The Military Memorial was officially opened by the Chief of Defence Force, Air Chief Marshal Mark Binskin AC, on the 29th July 2016.The date of the opening was significant to the centenary anniversary of the Battle of Pozieres.
On this day 100 years ago the 2nd division of Australian soldiers were ordered to take Pozieres heights. The attack commenced at 12:15am but the Germans were ready and the attack failed at a cost of 3,500 Australian causalities. In less than seven weeks in the fighting at Pozieres three Australian divisions suffered 23,000 causalities. Of these, 6,800 were killed or died of wounds. It was a loss comparable with the casualties sustained by the Australians over eight months at Gallipoli in 1915.
Three Victoria Cross recipients at rest or memorialised by family at the Eastern Suburbs Memorial Park, were uniquely honoured by granite plaques etched with their images. These include:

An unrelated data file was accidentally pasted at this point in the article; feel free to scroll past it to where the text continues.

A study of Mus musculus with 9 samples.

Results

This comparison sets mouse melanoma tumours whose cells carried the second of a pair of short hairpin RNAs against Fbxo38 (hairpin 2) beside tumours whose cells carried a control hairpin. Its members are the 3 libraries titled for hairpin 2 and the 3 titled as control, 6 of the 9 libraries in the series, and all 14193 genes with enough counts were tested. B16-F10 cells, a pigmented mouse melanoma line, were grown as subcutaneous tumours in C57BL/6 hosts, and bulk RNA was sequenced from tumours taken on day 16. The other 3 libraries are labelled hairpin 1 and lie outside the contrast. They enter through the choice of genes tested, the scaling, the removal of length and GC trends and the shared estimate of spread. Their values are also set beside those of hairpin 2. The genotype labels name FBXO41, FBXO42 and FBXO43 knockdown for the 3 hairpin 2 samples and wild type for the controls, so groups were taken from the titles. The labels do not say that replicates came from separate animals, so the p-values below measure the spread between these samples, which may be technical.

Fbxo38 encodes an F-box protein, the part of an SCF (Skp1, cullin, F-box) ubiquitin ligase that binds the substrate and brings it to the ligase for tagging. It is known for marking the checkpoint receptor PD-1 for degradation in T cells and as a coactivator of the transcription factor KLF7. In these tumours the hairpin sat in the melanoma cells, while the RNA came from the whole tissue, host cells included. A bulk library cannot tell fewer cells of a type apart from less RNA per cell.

Thomas James Bede Kenny VC, who was serving in the 2nd Division at the time, involved with a significant milestone in the Battle of Pozieres, France. Thomas Kenny would later receive a VC for his actions at Hermies, France, on the 9th April 1917.
Joseph Maxwell VC, MC and Bar, DCM is regarded by many as possibly the second most highly decorated Australian soldier from WWI. In just over 12 months of action Maxwell was awarded the Distinguished Conduct Medal, the Military Cross, a bar to his Military Cross, and the Victoria Cross. He was only 22 when the war ended.
Blair Anderson Wark VC fought in the battle of Fromelles, where he was highly commended for his work, despite being wounded. Next year at Polygon Wood he won the Distinguished Service order. Blair Wark's finest feat took place during the attack on the Hindenburg Line in his Battalion's final action. He constantly showed outstanding leadership, often in advance of his troops.
Like sister cemetery, Woronora’s Military Memorial, there are unique elements involved in this memorial, with a bronze widow holding a baby (girl) in her right arm with a sprig of rosemary in the babies hand. The woman has a folded Australian flag that drapes over the widows left arm. LEGACY is mentioned in the information bronze plaque, with also a special memorial for the War Widows Guild. Also included are the words of In Flanders Fields etched into a granite wall as well as the LEGACY Ode.